School Blog

Today's Phrase


Let’s study idioms. Today’s topics include idioms that refer to body parts.



  1. That person’s head is soft, so he will understand the way young people think.
  2. Her head is sharp but lacks drive to act on his plans.
  3. My head hurts because of bad economy and stagnant sales number.
  4. It comes to my head since she is always late.



We refer to “head” when discussing one’s intelligence, ability or knowledge. If someone tells you to “use your head more” or “let your head work”, he/she is telling you to think harder and use your knowledge and abilities more effectively. Since a head is on the top of one’s body, it’s also used to indicate the top person of an organization. Todori (head taker)  means a bank president; Sendo (forward head) means a head boatman.


  1. Having a “soft head” means the person can think with flexibility. On the other hand, having “hard head” means he/she is stubborn and doesn’t easily accept different ways or other people’s opinions.
  2. Sharp head means being intelligent and having clear perspectives.
  3. This means the person is in a terrible bind when things do not go as expected despite all the efforts.
  4. Coming to head means one can no longer control anger.



Eyes represent one’s heart. If you look at someone’s eyes, you can tell what goes on his mind more clearly than words.


  1. You have such high eyes to be able to choose such an excellent artwork from so many pieces.
  2. I have always placed my eyes on the singer because she is so unique.
  3. The train was late and it was pouring outside. My eyes met such a horrible day.
  4. I have no eyes against sweets. I love cakes.



  1. Having “high eyes” means being able to discern and appreciate things.
  2. “Placing one’s eyes” means having followed someone or some things with intense curiosity.
  3. “Eyes meeting terrible …” means having terrible experiences. In this case, the writer was having an awful day since his train was late and it was pouring outside.
  4. “Having no eyes” means he/she loves that something so much that he cannot use her common sense to control her feelings (likings). In this case, she loves sweets so much that he cannot control himself.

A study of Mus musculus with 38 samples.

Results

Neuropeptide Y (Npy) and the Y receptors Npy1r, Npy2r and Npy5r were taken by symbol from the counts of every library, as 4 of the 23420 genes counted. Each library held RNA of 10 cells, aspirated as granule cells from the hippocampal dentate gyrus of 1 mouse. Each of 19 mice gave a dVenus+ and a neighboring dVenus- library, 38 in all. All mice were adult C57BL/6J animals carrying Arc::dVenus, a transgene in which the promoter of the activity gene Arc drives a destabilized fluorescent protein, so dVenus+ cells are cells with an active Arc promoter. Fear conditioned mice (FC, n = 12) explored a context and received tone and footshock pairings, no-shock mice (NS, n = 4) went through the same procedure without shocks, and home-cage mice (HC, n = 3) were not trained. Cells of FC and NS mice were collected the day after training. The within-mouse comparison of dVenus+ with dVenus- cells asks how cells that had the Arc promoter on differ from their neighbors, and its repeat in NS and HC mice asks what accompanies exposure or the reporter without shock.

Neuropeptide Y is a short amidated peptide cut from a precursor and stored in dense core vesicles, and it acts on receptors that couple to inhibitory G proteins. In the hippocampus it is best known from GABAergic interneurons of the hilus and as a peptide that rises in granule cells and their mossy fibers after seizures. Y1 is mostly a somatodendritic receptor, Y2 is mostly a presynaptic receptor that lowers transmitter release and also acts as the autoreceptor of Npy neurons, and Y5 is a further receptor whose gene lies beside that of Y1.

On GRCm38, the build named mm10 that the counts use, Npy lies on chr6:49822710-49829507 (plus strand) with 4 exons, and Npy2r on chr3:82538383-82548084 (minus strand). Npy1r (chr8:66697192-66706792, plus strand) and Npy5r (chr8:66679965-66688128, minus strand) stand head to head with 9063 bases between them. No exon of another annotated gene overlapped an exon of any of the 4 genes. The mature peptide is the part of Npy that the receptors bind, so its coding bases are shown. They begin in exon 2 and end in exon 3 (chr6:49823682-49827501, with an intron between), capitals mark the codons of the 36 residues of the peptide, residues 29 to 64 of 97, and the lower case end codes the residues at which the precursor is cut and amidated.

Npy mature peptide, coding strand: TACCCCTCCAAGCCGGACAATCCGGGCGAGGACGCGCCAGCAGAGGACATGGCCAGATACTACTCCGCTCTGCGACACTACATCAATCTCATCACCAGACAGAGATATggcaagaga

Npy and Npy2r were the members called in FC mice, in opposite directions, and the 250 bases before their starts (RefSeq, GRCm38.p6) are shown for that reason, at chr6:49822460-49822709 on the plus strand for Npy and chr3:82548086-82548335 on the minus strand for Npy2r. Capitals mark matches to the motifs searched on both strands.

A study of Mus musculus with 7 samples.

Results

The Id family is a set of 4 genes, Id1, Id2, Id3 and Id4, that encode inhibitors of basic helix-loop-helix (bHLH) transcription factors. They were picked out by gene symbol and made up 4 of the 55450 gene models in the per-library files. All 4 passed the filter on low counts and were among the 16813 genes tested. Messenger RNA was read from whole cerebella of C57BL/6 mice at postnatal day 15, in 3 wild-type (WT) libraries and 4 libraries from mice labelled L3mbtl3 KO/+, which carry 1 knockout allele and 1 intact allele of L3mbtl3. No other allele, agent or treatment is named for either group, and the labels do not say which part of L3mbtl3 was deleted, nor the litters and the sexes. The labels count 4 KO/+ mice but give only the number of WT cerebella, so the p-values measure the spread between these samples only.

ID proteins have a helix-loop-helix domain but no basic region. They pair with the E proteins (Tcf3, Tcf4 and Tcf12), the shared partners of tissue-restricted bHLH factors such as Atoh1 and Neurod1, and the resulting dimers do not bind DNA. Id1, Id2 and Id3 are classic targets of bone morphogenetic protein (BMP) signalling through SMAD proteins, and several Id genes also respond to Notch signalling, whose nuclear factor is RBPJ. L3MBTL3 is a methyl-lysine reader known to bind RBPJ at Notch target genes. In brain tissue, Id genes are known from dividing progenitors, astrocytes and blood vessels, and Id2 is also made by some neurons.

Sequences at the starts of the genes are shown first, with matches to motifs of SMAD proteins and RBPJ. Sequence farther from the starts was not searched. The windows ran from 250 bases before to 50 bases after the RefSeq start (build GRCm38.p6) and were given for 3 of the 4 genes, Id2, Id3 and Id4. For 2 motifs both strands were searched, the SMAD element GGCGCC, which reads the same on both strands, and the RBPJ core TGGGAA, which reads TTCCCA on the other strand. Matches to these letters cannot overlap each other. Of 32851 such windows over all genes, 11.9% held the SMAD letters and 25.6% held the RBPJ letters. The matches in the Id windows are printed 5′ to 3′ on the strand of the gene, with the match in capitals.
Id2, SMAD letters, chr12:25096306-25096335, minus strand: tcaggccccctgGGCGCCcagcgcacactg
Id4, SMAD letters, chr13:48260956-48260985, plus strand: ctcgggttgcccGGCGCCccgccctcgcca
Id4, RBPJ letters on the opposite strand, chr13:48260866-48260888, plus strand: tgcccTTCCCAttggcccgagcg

1. The salesman had a skillful mouth, and I ended up buying things I didn’t want.
  2. You can seek any advice from her since she has a tight mouth.
  3. Sumo wrestlers usually have heavy mouths making interviews very difficult.
  4. Her mouth is fat, and she knows a lot of great restaurants.



  1. “A skillful mouth” means being able to persuade others with stories whether they are true or not.
  2. Someone has a “tight mouth” when she can keep confidences. On the other hand, a “light mouth” refers to someone who cannot keep anything private.
  3. Someone has a “heavy mouth” when he doesn’t speak much.
  4. Someone is a gourmet when she has a “fat mouth.” If something “meets your mouth,” it means you like the food.



  1. He and I broke our bellies and talked all night.
  2. She seems kind but some say she has a black belly.
  3. He rarely shows inside his belly.
  4. The president made a belly decision after agonizing over the future of his company for many days.



Hara (belly) refers to the truth or real believes in Japanese linguistic culture. Reading one’s belly would mean trying to find out exactly what’s going on in someone’s head.

  1. “Breaking bellies” means being able to discuss things frankly.
  2. Having a “black” belly means she has cunning thoughts.
  3. “Not showing one’s belly” is always used in a negative sense. It means he is not honest with his opinions or thoughts.
  4. One “makes a belly decision” when he analyzes situations thoroughly and with utmost considerations for everything. It’s not a light decision.